The Guggenheim and Metropolitan Museums of Art Analytical Essay by julie

The Guggenheim and Metropolitan Museums of Art
A discussion of the Guggenheim and the Met and their success in stimulating and educating museum visitors.
# 6997 | 1,395 words | 4 sources | MLA | 2002
Published on Feb 07, 2003 in Architecture (Buildings) , Art (Artists) , Art (History) , Art (Fine Art)


From the Paper:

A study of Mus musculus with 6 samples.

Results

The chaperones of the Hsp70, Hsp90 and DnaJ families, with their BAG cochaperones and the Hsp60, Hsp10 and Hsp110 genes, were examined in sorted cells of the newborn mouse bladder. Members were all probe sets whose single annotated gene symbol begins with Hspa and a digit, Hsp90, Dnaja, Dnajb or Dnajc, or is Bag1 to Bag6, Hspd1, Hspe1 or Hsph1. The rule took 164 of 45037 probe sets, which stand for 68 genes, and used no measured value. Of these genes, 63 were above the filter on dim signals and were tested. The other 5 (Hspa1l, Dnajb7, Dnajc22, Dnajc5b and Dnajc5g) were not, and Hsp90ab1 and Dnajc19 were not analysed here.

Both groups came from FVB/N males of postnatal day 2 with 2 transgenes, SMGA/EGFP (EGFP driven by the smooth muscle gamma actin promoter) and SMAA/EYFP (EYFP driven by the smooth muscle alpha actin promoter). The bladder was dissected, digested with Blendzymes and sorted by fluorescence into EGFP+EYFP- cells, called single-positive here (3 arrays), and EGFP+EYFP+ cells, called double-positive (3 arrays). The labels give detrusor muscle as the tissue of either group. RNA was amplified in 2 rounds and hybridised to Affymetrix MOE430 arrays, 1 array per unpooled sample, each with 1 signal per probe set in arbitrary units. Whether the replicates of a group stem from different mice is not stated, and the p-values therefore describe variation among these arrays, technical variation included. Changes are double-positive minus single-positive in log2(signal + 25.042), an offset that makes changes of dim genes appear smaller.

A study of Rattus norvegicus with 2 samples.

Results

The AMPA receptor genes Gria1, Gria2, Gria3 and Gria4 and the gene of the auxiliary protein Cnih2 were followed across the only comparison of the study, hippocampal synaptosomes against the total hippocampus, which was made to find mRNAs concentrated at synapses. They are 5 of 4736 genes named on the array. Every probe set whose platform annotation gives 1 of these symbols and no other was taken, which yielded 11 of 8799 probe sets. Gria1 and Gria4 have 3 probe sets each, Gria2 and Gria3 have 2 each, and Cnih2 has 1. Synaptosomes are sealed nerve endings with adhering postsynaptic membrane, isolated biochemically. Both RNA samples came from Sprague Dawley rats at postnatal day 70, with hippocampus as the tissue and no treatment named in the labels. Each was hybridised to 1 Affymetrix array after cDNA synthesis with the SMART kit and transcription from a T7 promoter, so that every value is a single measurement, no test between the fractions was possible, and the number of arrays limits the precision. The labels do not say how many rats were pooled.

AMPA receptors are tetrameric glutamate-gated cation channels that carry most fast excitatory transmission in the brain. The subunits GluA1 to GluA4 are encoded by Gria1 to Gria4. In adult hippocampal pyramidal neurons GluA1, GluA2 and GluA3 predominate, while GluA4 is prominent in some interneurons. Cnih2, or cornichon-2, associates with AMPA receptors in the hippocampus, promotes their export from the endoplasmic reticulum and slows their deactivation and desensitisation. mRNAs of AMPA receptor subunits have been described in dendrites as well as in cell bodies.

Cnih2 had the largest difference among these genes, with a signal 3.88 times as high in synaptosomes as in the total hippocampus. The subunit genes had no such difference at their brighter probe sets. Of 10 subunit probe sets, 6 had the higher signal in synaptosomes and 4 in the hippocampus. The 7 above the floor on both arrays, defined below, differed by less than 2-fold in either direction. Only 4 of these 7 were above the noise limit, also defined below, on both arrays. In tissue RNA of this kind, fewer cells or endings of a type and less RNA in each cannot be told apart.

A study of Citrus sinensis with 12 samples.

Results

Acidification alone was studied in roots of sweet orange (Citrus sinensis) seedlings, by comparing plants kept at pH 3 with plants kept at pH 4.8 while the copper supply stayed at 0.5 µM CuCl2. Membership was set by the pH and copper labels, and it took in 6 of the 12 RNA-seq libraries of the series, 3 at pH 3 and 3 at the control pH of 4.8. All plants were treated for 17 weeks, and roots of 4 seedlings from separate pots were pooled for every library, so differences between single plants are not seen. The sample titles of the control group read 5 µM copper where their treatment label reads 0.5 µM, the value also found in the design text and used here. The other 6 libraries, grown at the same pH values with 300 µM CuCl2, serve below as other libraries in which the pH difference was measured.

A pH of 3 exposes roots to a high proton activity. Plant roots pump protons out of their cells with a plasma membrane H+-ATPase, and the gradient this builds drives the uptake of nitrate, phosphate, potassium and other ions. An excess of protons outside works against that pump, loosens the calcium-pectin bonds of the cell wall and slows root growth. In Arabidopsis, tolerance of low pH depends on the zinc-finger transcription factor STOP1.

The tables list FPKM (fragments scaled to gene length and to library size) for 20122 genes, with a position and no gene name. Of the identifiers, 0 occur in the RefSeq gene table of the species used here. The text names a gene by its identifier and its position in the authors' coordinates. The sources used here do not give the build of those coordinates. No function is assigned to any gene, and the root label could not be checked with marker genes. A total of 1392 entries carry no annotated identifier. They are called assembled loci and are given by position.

"Art museums have been through multiple metamorphoses in the last 100-plus years, from ornate Victorian cathedrals stuffed with artifacts, to flexible modernist boxes and vast salvaged industrial buildings. A museum building is often thought of as monumental sculpture, and is itself potentially the most important work in an institution's collection. How paintings and sculpture actually fit into it is, typically somewhat controversial. Museum founders realize that the public can best appreciate and become engaged in art when the level of interaction and personal participation is high. Mimi Gaudieri, the executive director of the Association of Art Museum Directors, and other enthusiasts among professionals in the field insist that there's no conflict between a museum's mission and high-profile architecture. "On the contrary, an exciting building lends itself to art," Gaudieri says. "It's part of the growth of the whole museum field. Years ago we were just sleepy institutions with no profile, and all of a sudden things have changed. Museums have woken up. We are much more aware of the community and are working more closely with it." Current museums incorporate inviting lobbies, lecture halls, libraries, cafes and shops, recognizing that while they display art, they also must draw the interest of the public (and potential donors) with a holistic appeal (Lloyd 2001)."